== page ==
How we came up with the genius idea that is... Instapay


Extensive research went into finding a domain what wasn't already flooded with apps, but could still benefit from some new ones. Based on this research, we discovered that restaurant patrons were spending more time at restaurants.


Specifically, we discovered that the average customers were spending over 15 minutes from having their check delivered to paying and leaving.


Researchers also predict an increase of 10% in restaurant traffic over the next 5 years.

Guiding Principles

The guiding principles we chose are meant to represent a company that would handle someone's personal information, specifically credit cards and banking information. We also want to insure that both Restaurant owners and Restaurant customers feel safe using Instapay.


Tolerance for Error

Provide Feedback

Linear Progression

User flow

With our idea of starting a bill at a restaurant before eating, we quickly mapped out a User flow chart to help visualize this process. Our User Flow chart revealed that there is a large amount of areas that could improve the users experience and overall quality of the dinning experience.


We then moved onto paper prototyping and storyboarding a rough flow of the application. We used this step to identify the "Hotspots" that would be necessary for Instapay to provide a better experience. Sketching also helped to determine which tasks we wanted to incorporate, and which ones we wouldn't need.


Once we were happy with the flow from the sketches, we moved onto making digital grayscale mock-ups. This allowed us to visualize how Instapay would appear on mobile devices. It also allowed us to add more details to the interactions that the users would have.


We then moved onto making higher fedelity mock-ups, these mock-ups were then used in Marvel to create a functional prototype to user test on. At this point, we also decided to add more features to Instapay in improve on the User Experience.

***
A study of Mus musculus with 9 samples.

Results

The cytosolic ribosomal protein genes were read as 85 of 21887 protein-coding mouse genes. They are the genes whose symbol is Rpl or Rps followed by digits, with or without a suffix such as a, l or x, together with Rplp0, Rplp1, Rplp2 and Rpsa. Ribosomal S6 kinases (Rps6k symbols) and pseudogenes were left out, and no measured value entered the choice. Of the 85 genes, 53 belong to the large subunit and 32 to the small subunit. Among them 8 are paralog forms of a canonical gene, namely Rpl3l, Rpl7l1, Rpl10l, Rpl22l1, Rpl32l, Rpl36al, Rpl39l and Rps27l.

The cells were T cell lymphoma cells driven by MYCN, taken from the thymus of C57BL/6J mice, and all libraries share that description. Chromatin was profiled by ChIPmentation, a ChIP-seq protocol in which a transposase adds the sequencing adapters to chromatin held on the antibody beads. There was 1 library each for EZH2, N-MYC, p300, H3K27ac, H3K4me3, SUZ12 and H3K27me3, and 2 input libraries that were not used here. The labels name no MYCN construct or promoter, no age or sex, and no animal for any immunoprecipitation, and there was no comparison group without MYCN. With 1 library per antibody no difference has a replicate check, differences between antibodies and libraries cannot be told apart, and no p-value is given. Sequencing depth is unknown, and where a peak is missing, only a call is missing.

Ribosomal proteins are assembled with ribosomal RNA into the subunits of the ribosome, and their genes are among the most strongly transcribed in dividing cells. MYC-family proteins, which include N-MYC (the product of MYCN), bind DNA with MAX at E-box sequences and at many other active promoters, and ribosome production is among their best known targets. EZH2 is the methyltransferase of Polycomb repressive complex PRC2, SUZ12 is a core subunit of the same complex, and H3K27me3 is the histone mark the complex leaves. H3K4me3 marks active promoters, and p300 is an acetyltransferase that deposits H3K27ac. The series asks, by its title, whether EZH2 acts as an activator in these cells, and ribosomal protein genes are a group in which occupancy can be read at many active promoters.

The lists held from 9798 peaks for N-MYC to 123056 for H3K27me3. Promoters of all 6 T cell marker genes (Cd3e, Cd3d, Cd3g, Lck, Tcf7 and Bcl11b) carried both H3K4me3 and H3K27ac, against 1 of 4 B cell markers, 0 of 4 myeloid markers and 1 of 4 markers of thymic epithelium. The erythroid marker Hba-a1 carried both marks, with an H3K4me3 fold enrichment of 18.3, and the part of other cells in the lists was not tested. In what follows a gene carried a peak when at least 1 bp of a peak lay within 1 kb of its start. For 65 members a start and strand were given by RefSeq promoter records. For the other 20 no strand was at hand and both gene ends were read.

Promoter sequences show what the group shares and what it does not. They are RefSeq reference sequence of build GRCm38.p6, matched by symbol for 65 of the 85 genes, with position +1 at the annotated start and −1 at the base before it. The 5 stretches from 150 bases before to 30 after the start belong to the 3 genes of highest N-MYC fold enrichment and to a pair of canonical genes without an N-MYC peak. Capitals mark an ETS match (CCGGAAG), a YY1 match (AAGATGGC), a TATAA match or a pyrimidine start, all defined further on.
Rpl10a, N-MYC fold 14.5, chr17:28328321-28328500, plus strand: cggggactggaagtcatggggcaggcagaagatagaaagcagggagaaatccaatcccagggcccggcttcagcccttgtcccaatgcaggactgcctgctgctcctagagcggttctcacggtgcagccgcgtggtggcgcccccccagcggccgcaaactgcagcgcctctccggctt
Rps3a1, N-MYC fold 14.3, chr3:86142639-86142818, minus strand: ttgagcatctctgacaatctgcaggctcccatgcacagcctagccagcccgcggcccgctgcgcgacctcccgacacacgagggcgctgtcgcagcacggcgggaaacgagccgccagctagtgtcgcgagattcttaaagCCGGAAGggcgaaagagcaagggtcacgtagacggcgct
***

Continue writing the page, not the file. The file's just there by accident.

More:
User Testing

We tested multiple users with different backgrounds in experience using payment and food related applications. These tests revealed to us some flaws in the prototype as well as some useful features that they enjoyed. We created 2 storyboards for the users to complete, and we used a talk out loud method as well as a follow up interview to ask questions and gather feedback.

Ages 20 to 29

Talk out loud + Interviews

Minor User Experience Issues

Scenario 1

You’re checking in to a restaurant and starting an order for you and your friends. You decide to split the bill evenly between the 4 of you. You pay a 20% tip with your American Express Card and leave a review about your wonderful dining experience.

Scenario 2

Your company is hosting a group celebratory dinner. You boss checks in using the app and share the code with you to pay for your part of the meal. You pay a $2 tip with your MasterCard. After the payment, you export the receipt to a spreadsheet for later use.

Summary of Results - Pros

Payment system was fast and easy

Did not require any explanation to complete payment transaction

Can easily view previous transactions and export them

Summary of Results - Pain Points

“Show to server” step requires more onboarding

General confusion on what the code is for

Popup animations are too long

“Not the restaurant you’re looking for” is too low on hierarchy


After completing our user studies, we decided to make some changes to our design. Most of the design changes that we made were related to information the user on the current state and task that was being completed in the back end of the application. The changes we made address these issues and keep the user more informed on the process stages.

Hierarchy Issues

Many users indicated that “Not the restaurant you’re looking for” doesn’t look like a clickable button. Furthermore, the proximity to the Confirm button makes it easy for the user to miss-click.

Sharing Code

There was general confusion on what the code was used for. Users did not immediately understand its purpose. A “Share” button that shares the code via the user’s contact list would streamline the process.

Loading State

During certain parts of the app, the user waits for the restaurant or app to do something. A popup message or load state that indicates what is happening would inform the user better.

Successfully Paid

A popup or push notification that tells the user that the payment has been accepted. This ensures that the user knows that they paid successfully. This also helps the restaurant keep track of payments.

Feedback Wording

In the Feedback screen, the user is unsure if they are giving feedback about the app or about the restaurant experience. By changing the text, we can clarify that the feedback is for the restaurant.